Poem Development Part II: Borrowing and Stealing

Poetry has long been agreeable to the borrowing and outright theft among poets. In this perhaps it is far ahead of other forms of writing. Much is made about ‘originality’, but all work springs forth from the same common ground. Jane Hirshfield has some great thoughts on originality in her book Nine Gates: Entering the Mind of Poetry. She talks about how art encourages copying and reinvention and has since its inception.

“Before the invention of photography, copying was an integral part of every visual artist’s training. The purpose was not just to make exemplary works more widely available for study- in the process of making a copy, it was understood and new forms of vision could arise.”

In music, “Sampling” is a valid art form- remixing older works to create something new.
-Making comes before meaning.
-Form follows function.
Years of art school are coming back to haunt me.

Theodore Roethke has perhaps the most well-known essay on the subject, “How to Write Like Someone Else”.

“Imitation, conscious imitation, is one of the great methods, perhaps the method of learning to write. The ancients, the Elizabethans, knew this, profited by it, and were not disturbed. … the most original poets are the most imitative… if a writer has something to say, it will come through. The very fact that he has the support of a tradition or an older writer, will enable him to be more himself – or more than himself.”

So why is writing exempt from this training ground? Is it because we expect writers to create by divine inspiration alone? Or is the slavish quest for originality a result of cultural conditioning? On one hand, we say copying is stealing, on the other, we reward musicians for remixing, Andy Warhol for re-envisioning. Why can’t writers do the same?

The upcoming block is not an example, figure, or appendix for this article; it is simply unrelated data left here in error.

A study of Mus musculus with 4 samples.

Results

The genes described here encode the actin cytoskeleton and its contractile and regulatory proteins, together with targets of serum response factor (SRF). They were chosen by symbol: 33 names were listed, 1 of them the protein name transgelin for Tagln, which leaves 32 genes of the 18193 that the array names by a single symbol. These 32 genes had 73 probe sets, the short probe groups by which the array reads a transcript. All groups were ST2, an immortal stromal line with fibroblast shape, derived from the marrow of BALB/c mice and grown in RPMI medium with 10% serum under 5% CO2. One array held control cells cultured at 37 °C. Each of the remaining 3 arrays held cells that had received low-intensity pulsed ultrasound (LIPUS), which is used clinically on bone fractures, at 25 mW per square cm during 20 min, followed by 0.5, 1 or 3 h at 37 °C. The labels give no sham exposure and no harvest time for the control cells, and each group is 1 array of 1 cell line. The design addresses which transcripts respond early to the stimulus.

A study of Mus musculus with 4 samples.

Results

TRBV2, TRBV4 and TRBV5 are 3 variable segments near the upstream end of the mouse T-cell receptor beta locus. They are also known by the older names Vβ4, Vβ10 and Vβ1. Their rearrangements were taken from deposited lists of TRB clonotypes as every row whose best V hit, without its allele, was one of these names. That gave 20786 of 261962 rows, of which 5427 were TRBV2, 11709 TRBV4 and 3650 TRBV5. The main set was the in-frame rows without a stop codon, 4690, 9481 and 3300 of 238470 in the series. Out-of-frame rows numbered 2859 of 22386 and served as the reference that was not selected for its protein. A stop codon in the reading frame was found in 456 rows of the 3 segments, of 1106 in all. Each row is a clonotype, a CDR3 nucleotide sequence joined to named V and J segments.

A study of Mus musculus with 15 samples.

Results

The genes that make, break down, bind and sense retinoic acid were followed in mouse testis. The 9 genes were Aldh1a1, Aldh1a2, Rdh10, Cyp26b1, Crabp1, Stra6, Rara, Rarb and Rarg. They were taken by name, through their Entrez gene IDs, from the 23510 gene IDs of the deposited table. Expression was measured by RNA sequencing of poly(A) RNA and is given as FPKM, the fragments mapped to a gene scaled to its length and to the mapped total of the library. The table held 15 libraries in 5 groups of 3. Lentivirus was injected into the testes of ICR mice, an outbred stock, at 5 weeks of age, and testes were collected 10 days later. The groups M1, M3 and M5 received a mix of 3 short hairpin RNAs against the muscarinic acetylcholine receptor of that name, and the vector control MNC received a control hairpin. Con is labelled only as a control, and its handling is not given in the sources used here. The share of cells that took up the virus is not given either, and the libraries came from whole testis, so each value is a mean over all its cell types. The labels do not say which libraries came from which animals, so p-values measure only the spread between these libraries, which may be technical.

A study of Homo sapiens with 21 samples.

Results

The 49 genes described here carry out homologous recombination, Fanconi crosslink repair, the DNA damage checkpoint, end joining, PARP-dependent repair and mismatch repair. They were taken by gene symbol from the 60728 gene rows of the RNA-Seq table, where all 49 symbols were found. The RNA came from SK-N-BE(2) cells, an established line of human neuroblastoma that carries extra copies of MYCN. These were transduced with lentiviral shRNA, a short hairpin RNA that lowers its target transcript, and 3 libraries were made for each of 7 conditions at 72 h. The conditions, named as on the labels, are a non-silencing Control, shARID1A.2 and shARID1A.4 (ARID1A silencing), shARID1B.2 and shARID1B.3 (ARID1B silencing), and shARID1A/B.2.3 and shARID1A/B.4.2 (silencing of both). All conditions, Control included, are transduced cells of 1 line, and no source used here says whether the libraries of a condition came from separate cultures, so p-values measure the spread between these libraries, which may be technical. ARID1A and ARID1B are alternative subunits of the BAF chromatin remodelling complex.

Originality is an odd duck. We claim to want it but are sanctimoniously appalled when the conventions of our society are broken or bent. We jump on the new and different bandwagon, at least long enough for it to become cliché. Then we jump to the next best thing. Perhaps it has to do with a culture of anti-intellectualism that is prevalent today. A good grounding in your craft and its history gets no respect while the shocking- and let’s face it- work by the young garner accolades. It takes time for a poet to feel comfortable with his/her craft, but in our society, if you aren’t a Poet Laureate by age 30, your career is over.

That’s what they would like you to think.

We credit Walt Whitman with being the leader into free verse, breaking away from the pack of traditional form poets with something new and unique. There were likely others before him, but Whitman was persistent enough to change the aesthetics of the time and get away with it.

Borrowing may be making a comeback. Cento poems are poetry’s version of musical sampling. Although the Cento is from Roman times, it seems to be making a comeback of late. To create a Cento, you take a line here and there from other poets and reassemble them into a new poem. You also credit the poet and poem at the end where you pulled the lines from.

I haven’t tried one yet, but I find the idea intriguing. When stuck for inspiration, I often start reading some of my favorite poet’s work. A line will strike me in a certain way and I will have the makings of a poem to play with. A sequence of words will play themselves through my mind over and over. I have to think about the deep dark meaning I want to convey before I write. Sometimes the poem percolates so long I forget what my original inspiration was. I’ve never knowingly stolen from another poet, but I definitely use them as a source of stimulation.

In art, I find myself drawn to images by Rothko and Hopper and Kandinsky. I study them, play with my own versions of color and form. In the end, I paint my own painting. Homage aside, it will never be mistaken for a Rothko. I bring different experiences to the table and filter them through the lens of my own making. So it goes with poetry. Eventually, all source material all comes back out in the form of an ‘original’ poem of my own. Did I borrow, steal, or imitate? Probably. Is that wrong? You tell me.